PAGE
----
Concordance and discrepancy in sexual identity, attraction, and behavior among adolescents

Karine Igartua, Brett D Thombs, Giovani Burgos, Richard Montoro
Journal of Adolescent Health 2009, 45 (6): 602-8

PURPOSE: Nonheterosexual youth are at greater risk for mental and physical health problems than heterosexual youth. Definitions of nonheterosexual youth, however, are not consistent between studies, variably including sexual identity, attraction, and/or behavior. This study's objective was to describe the concordance and discrepancy between sexual identification, attraction, and behavior in adolescents.

METHODS: A total of 1,951 students aged 14 and older from 14 high schools in Montreal, Quebec, were surveyed anonymously using the Quebec Youth Risk Behaviour Survey. The survey included three items assessing sexual orientation (sexual identity, sexual attraction, sexual behavior).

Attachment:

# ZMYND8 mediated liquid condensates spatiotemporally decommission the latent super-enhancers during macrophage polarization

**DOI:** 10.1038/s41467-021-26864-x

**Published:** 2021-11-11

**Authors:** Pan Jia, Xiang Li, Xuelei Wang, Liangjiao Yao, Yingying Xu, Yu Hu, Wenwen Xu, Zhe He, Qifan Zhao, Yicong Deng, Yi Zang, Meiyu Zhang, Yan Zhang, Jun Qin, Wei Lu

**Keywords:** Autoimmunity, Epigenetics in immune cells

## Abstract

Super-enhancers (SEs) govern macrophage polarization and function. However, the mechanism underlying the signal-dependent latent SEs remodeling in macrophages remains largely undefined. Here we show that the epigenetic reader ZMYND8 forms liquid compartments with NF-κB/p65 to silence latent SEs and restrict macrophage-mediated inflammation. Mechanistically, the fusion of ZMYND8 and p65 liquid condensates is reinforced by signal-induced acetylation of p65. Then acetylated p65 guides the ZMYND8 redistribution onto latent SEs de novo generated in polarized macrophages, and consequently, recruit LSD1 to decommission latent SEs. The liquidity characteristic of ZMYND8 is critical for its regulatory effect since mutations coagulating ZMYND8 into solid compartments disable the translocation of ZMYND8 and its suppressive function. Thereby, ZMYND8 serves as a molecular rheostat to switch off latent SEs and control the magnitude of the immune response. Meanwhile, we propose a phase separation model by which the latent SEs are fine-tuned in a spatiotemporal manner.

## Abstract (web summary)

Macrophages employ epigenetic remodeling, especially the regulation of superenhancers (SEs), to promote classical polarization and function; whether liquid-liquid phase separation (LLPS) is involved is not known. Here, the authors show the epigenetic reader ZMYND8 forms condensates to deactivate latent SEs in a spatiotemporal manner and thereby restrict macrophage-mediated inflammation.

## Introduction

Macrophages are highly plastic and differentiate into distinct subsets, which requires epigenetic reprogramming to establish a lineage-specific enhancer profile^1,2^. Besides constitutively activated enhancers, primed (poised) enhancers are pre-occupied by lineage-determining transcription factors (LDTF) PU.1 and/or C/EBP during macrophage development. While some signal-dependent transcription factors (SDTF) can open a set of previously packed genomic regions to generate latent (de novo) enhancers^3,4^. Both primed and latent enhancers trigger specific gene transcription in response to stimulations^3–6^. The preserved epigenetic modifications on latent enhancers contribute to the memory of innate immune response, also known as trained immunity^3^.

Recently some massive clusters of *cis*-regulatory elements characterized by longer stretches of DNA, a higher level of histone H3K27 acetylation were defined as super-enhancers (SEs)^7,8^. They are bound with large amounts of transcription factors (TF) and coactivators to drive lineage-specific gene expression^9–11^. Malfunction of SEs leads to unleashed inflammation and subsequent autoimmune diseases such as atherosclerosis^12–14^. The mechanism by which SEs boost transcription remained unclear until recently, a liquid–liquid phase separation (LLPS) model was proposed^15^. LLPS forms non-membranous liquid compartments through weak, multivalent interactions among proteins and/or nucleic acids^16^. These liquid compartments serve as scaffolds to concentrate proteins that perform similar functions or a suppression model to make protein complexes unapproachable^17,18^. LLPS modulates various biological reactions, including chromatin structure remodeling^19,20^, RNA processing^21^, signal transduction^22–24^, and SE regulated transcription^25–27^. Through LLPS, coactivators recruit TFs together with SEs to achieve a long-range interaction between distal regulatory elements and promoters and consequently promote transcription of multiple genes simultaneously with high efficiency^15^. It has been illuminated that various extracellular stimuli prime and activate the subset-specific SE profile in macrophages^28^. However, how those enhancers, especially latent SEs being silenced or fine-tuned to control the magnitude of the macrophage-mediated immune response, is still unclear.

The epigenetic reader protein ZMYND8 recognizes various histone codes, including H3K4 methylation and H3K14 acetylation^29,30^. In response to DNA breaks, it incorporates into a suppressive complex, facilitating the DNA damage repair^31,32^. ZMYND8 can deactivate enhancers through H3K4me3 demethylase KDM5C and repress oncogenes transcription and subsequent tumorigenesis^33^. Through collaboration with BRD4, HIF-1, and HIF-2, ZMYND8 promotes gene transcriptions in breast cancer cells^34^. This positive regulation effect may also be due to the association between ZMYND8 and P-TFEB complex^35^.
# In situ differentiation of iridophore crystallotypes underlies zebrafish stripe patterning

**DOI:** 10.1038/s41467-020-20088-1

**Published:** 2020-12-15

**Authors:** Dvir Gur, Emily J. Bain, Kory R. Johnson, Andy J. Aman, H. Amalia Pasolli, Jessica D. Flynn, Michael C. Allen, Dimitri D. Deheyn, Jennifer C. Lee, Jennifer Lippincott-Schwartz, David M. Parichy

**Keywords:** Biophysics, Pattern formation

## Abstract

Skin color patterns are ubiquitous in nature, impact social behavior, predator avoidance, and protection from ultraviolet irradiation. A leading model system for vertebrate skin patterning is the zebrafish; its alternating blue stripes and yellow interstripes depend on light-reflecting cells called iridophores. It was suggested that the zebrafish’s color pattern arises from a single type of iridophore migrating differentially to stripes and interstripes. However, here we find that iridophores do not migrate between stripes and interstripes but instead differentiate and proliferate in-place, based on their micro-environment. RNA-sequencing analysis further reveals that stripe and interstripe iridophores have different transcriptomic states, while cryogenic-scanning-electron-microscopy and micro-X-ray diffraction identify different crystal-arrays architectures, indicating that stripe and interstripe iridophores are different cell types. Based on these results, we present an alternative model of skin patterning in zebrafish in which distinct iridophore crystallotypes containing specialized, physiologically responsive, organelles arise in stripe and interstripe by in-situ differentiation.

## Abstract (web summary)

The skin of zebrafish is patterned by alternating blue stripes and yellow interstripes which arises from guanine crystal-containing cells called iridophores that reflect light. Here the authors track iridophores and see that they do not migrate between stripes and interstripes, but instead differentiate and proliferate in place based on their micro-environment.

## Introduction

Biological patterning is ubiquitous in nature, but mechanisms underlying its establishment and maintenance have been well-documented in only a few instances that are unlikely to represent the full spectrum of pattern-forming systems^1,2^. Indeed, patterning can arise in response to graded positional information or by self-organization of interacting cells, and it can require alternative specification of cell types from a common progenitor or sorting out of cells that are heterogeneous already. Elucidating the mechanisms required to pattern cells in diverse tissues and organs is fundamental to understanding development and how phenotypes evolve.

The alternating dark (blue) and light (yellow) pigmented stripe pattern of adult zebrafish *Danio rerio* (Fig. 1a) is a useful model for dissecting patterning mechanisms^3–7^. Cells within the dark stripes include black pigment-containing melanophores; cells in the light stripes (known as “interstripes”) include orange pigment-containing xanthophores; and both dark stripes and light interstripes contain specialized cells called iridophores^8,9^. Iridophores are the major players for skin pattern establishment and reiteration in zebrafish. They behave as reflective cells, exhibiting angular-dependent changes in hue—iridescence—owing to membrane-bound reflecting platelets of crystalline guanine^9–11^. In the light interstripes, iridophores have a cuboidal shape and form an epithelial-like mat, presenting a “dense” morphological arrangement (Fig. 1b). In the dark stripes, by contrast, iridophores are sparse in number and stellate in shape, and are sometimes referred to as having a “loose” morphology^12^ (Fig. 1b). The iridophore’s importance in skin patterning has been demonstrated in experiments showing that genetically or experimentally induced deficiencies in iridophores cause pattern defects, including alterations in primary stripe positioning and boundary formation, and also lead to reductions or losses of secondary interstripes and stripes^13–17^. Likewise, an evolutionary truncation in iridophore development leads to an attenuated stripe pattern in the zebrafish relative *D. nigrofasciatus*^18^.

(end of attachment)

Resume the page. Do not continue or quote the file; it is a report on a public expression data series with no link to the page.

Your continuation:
RESULTS: Twelve percent of adolescents (n=237) endorsed at least one measure of nonexclusive heterosexuality. A total of 3.4% reported gay/lesbian or bisexual (GLB) identity (another 3.4% were unsure), 9.0% reported same-gender attraction, and 4.0% same-gender behavior. There was no consistent pattern of overlap between the three measures, and no single dimension effectively captured this population. The question about attraction identified 71%; identity identified 52%; and behavior only 31%. In raw numbers, more heterosexually identified students reported same-gender attraction (n=95) or same-gender behavior (n=33) than GLB-identified students (n=44 and 29, respectively).

CONCLUSIONS: "Nonheterosexual" youth are a heterogeneous group that cannot be identified accurately using a single question. In both research and clinical settings, the best way to assess sexual orientation, consistent with American Academy of Pediatrics, is to ask multiple questions that address the dimensions of identity, attraction, and behavior. All youth who endorse any combination of nonexclusively heterosexual identity, behavior, or attraction are potentially at risk for the ill effects of direct and indirect discrimination.